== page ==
At first, no one knew what to do with it.
The newly discovered gas well near Dexter was a gusher, all right, but it didn't behave right.
Flames would go out when held over the roaring well. A hint of fire would cause most wells to explode into a pillar of flames.
Gas hunters turned to the University of Kansas.
Two years later, Cady and McFarland discovered that it was helium inside Dexter's natural gas well.
Prior to their research, most scholars and scientists thought that helium was one of the rarest gases on Earth — present only in the sun and in trace amounts of the mineral cleveite.
The Dexter well disproved that and soon became the best source of helium in North America.
But no practical uses for helium existed in the early 20th century.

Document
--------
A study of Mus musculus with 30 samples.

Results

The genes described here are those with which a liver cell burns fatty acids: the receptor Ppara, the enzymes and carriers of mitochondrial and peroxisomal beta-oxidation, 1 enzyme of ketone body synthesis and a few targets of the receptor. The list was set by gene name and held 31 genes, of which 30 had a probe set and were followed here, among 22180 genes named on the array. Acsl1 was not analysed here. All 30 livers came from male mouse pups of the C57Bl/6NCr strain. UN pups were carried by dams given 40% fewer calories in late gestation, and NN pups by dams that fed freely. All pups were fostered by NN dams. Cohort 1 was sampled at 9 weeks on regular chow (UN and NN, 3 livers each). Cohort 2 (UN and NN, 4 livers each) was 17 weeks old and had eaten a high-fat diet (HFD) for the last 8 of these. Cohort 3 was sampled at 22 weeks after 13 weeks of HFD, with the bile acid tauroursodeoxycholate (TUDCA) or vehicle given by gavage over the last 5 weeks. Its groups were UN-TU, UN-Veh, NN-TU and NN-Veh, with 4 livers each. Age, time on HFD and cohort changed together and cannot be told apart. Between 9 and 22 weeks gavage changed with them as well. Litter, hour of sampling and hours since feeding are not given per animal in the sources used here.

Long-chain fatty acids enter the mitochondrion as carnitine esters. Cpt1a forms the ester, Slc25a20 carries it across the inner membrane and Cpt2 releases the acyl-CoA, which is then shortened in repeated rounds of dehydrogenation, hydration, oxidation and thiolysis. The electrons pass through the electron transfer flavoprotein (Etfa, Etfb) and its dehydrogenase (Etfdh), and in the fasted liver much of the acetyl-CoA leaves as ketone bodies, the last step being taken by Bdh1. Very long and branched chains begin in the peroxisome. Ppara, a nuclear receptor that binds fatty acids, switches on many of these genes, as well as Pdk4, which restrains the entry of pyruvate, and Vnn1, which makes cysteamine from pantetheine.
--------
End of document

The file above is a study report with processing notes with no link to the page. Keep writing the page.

So for the next decade, the entire supply of helium in the United States was contained in three glass tubes at KU and in the Dexter fields.
With the advent of World War I, U.S. officials began conducting research using helium to keep blimps and dirigibles aloft.
When the hydrogen-filled Hindenburg crashed in 1937 in Lakehurst, N.J., killing more than 30 people, helium's qualities — lighter than air and reluctant to burn — made it very important.
Question: How did the U.S. military make use of helium during World War II?
Answer to Sunday’s question: In September 1878, on Sappa Creek in Decatur County and Beaver Creek in Rawlins County, a band of Northern Cheyenne Indians attacked cabins and killed approximately 30 settlers in two days.
Check back at Kansas.com Tuesday for the answer to today’s question.